CORONAVIRUS

Iowa COVID hospitalizations drop below 300 for first time in nearly 5 months

State adds 1,035 new cases, 29 deaths Wednesday

Medical staff conduct a COVID-19 test Nov. 19 at the Test Iowa site, 5755 Willow Creek Dr. SW, in Cedar Rapids.  (Jim Sl
Medical staff conduct a COVID-19 test Nov. 19 at the Test Iowa site, 5755 Willow Creek Dr. SW, in Cedar Rapids. (Jim Slosiarek/The Gazette)

Hospitalizations for COVID-19 in Iowa dropped below 300 for the first time since Sept. 22, according to data from the state health department Wednesday.

hospitalizations dipped from 327 to 292, according to health officials.

As of Tuesday, 21 Linn County and five Johnson County residents were hospitalized with the virus.

Patients in intensive care held steady at 67, and patients on ventilators dipped from 29 to 27.

New cases

The state reported 1,035 new COVID-19 cases and 29 new, confirmed deaths in the 24-hour period ending at 11 a.m. Wednesday.

The new numbers bring Iowa’s totals to 326,417 positives COVID-19 cases and 5,174 deaths since last March, according to the Iowa Department of Public Health.

The state’s seven-day average of new cases is 697, the lowest seven-day average seen since September.

The new cases come from 3,638 tests in the 24-hour period ending at 11 a.m. Wednesday.

Linn County on Wednesday added 41 new virus cases, for a total of 18,955 since March. The county’s seven-day average is 43.

Johnson County reported 40 cases, bringing the county’s total to 12,739. The county’s seven-day average is 26.

Of the new cases reported Wednesday, 172 were youths up to age 17, bringing the total number of minors in Iowa infected with the virus to 36,182. To date, 7,718 education workers have also tested positive for the virus.

Virus prescautions relaxed

Wednesday’s numbers come just days after Gov. Kim Reynolds opted to relax statewide COVID-19 precautions, including Iowa’s partial face mask mandate, public health restrictions on businesses and limits on public gatherings — a decision public health officials said was made without their input.


It also comes at the time when a new and more contagious strain of the virus has been detected here, the state’s COVID-19 vaccine distribution has been ranked among the slowest in the country and the state’s K-12 schools have been ordered to offer 100-percent, in-person instruction to students.

Deaths

The 29 deaths reported Wednesday happened between Dec. 12 and Feb. 7, according to public health data.

Twelve of the deaths reported were individuals over 80 years ol; 15 were people ages 61 to 80; and two were between 41 and 60.

Black Hawk and Scott counties each reported three new deaths. Two deaths each were reported in Linn, Muscatine and Pottawattamie counties.

Counties that reported one new death each were Appanoose, Bremer, Butler, Clarke, Hancock, Henry, Jasper, Johnson, Lucas, Madison, Marshall, Monroe, Montgomery, Plymouth, Pocahontas, Poweshiek, Warren and Woodbury.

One death in Dubuque County was reclassified, for a total of 29.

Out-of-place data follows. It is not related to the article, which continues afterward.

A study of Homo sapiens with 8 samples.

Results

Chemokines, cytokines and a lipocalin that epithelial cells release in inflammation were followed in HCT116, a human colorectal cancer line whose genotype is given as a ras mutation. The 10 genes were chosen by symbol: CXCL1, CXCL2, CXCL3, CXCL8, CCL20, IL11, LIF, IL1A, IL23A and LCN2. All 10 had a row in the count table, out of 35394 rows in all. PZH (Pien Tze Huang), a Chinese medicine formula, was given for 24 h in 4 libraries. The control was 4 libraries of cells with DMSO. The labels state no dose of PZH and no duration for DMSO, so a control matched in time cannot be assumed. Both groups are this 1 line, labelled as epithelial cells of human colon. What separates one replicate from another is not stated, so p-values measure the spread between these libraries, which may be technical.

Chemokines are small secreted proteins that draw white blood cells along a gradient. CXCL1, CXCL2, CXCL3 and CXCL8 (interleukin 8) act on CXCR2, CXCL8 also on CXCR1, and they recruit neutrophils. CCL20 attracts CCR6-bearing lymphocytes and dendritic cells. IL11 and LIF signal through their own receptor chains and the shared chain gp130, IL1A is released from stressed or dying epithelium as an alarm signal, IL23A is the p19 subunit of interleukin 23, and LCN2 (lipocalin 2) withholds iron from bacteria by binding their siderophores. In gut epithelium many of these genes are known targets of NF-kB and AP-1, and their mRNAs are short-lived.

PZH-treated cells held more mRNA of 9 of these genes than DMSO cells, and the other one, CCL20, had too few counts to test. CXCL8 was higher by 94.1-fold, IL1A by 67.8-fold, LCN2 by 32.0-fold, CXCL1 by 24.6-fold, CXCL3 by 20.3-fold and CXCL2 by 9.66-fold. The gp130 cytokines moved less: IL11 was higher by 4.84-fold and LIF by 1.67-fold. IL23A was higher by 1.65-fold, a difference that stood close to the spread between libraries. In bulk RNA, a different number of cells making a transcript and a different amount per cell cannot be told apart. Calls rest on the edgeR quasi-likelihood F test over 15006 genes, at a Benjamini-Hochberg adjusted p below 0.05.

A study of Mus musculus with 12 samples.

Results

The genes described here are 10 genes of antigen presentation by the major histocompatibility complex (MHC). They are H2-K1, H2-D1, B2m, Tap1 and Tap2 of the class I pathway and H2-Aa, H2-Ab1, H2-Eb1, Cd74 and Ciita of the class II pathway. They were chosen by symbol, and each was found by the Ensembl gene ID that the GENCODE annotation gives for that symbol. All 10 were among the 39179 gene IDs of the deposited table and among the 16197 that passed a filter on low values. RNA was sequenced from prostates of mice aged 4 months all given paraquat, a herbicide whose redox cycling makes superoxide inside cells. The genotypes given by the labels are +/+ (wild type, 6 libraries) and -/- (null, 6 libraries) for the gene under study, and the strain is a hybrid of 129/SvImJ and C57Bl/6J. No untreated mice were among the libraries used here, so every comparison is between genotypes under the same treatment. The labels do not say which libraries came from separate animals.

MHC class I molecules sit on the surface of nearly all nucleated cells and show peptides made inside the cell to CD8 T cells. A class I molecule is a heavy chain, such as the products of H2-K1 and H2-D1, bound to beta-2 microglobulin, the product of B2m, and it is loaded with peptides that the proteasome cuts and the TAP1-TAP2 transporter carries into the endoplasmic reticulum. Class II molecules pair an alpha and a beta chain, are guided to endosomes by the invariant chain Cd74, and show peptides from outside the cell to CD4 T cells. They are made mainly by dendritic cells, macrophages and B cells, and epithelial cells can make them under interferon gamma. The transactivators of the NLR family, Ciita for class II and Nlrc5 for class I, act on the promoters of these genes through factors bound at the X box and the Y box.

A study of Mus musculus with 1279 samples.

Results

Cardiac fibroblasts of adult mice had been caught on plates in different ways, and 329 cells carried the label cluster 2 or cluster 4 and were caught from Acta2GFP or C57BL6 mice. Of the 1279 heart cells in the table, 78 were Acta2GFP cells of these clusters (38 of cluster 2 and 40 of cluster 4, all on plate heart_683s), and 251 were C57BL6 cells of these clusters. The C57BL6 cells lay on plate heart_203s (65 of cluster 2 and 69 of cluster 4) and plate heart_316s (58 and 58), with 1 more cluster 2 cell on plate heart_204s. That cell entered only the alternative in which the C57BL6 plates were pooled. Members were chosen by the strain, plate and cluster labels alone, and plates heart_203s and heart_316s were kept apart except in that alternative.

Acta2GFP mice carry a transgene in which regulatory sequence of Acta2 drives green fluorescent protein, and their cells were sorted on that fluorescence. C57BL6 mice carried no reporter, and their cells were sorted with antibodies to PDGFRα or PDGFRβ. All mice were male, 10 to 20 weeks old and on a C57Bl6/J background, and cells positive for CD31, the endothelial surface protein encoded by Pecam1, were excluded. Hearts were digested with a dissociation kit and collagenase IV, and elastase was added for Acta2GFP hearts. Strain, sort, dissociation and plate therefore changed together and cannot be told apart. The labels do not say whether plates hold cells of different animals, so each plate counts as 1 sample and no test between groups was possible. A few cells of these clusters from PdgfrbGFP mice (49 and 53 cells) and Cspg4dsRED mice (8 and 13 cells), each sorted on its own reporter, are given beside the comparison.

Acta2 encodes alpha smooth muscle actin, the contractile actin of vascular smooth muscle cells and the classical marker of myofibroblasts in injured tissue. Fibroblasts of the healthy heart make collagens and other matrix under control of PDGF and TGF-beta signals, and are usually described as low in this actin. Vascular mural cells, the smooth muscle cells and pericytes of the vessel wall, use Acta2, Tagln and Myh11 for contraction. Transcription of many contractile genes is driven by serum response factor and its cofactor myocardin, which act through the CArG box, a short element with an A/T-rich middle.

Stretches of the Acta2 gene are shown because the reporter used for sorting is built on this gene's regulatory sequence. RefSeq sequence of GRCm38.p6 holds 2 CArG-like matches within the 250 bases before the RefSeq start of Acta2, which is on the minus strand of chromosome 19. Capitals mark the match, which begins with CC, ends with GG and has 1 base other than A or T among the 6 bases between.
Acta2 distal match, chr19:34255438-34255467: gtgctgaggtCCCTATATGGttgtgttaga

Long-term care facilities

As of Wednesday, 39 of Iowa’s long-term care facilities were experiencing virus outbreaks, an increase of four facilities from the previous 24-hour period.

Within those facilities, 1,059 people were positive with the virus. Since the start of the pandemic, 2,117 people within the facilities have died of COVID-19.

Vaccinations

As of Wednesday afternoon, 382,598 doses of the COVID-19 vaccine have been administered in Iowa, with 366,109 of the doses going to Iowa residents.

The number of people who had received the first dose was 182,642, and the number who have completed the two-dose vaccination series was 99,978.


Linn County health officials announced Monday that the county is expected to receive triple its typical weekly COVID-19 vaccine allocation starting Feb. 15, bringing the county’s weekly allocation to 3,000 doses per week.

The increase, however, is dependent on local providers’ ability to meet metrics from the Iowa Department of Public Health, said Heather Meador, Linn County Public Health’s clinical branch supervisor — specifically that 80 percent of allocated COVID-19 shots are administered within one week of delivery.

In Johnson County, 28,644 doses have been given, and 9.302, or 6.15 percent, have completed the vaccine, as of Wednesday afternoon.

Who can get vaccine?

Front-line health care workers, residents and staff at long-term care facilities, and Iowans 65 and older are eligible to receive vaccines now.

For Iowans under age 65, you may qualify for a vaccine if you meet criteria in the groups below. The tiers of Phase 1B are ranked in order of vaccination priority:

• Tier 1: First responders such as firefighters, police officers and child welfare social workers; school staff and early childhood education and child care workers.

• Tier 2: Food, agriculture, distribution and manufacturing workers who work or live in congregate settings that don’t allow for social distancing; people with disabilities living in home settings and their caregivers.

• Tier 3: Staff and residents in congregate living settings that include shelters, behavioral health treatment centers, sober living homes and detention centers (but not college dorms); government officials and staff working at the Iowa Capitol during the legislative session.

• Tier 4: Inspectors responsible for hospital, long-term care and child safety.

• Tier 5: Correctional facility staff and incarcerated people in state and local facilities.


Comments: (319) 398-8238; kat.russell@thegazette.com

The Gazette’s John McGlothlen contributed to this report.